Amber Banks ’20 receives Garrison Social Justice Scholarship

Amber Banks has been named the Garrison Social Justice Scholar for the Class of 2020.

Banks’ award was announced by Professors Terry A. Maroney and Daniel J. Sharfstein, who co-direct the George Barrett Social Justice Program. “Amber already is an experienced advocate, having worked in reproductive justice for several years before entering law school,” Maroney said, “and we are very excited to support her as she grows into an even more skilled champion for civil rights.”

The Garrison Social Justice Scholar receives a supplemental annual scholarship for the second and third years of law school, as well as stipend support for unpaid public interest legal work during the two summers prior to graduation. The scholarship was endowed by Amy Price Garrison (BA’79) and Frank M. Garrison ’79 (BA’76) through the Amy and Frank Garrison Social Justice Law Fund.

Banks earned her undergraduate degree in government at the University of Virginia. She worked for NARAL Pro-Choice Maryland, based in Silver Spring, for five years before entering law school. “Even in a state as progressive as Maryland, there was so much to do,” she said. “My decision to pursue a legal education was a result of seeing what can be done through advocacy and policy work and what could not.”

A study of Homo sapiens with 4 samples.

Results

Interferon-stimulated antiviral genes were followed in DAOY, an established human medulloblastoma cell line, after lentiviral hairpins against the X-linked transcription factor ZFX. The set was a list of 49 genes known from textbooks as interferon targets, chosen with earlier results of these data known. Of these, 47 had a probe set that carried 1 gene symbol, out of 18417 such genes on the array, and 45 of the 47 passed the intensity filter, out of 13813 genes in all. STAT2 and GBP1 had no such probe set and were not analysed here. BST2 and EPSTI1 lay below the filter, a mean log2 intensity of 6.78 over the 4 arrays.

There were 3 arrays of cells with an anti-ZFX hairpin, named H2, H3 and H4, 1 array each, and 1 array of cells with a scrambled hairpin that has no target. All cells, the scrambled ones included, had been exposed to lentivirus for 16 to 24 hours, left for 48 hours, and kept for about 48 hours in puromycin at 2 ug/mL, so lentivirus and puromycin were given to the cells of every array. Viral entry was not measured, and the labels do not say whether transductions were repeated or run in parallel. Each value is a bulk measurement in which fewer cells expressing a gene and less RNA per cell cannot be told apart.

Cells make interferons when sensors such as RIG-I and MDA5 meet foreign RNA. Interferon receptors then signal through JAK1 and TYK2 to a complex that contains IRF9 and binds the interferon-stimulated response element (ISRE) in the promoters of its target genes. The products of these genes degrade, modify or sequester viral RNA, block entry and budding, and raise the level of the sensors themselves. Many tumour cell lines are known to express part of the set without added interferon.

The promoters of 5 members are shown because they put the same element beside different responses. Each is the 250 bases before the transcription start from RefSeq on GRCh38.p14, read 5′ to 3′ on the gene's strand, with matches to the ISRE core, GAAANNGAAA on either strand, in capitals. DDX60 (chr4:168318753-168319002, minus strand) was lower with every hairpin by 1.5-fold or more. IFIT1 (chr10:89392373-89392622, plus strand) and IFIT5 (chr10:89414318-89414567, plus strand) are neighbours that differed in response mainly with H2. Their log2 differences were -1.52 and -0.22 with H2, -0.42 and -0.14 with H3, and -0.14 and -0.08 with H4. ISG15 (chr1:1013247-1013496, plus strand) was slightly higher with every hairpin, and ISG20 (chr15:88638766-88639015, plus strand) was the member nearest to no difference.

As part of her work with NARAL Pro-Choice Maryland, Banks helped form Reproductive Justice Inside, a statewide coalition of reproductive justice, racial justice and criminal justice reform groups that advocates for access to high-quality sexual and reproductive health care in Maryland’s correctional and detention facilities. “Reproductive justice is inextricably tied to other issues of justice,” Banks said.

Her work quickly expanded to address a broad spectrum of issues that may limit girls’ and women’s access to health care. This included working with economic justice groups to advocate for a $15 minimum wage and paid sick leave; with criminal justice reform organizations to address conditions of confinement for juveniles, such as solitary confinement and strip searches; with child advocacy groups to improve school discipline and attendance policies; and with health care reform and women’s groups to expand access to reproductive health services through Medicaid. “When issues are siloed, we aren’t able to get as much done. We were so much more successful working together,” she said.

As a Vanderbilt 1L, Banks has joined the Law Students for Social Justice and the Social Justice Reading Group. She is also an active member of La Alianza, for which she will serve as treasurer in her 2L year. “My career goal is to work on impact litigation, and I am especially interested in issues of criminal, racial, and economic justice,” she said. “I feel very privileged to have the opportunity to attend law school, and I’m very grateful to receive this scholarship.”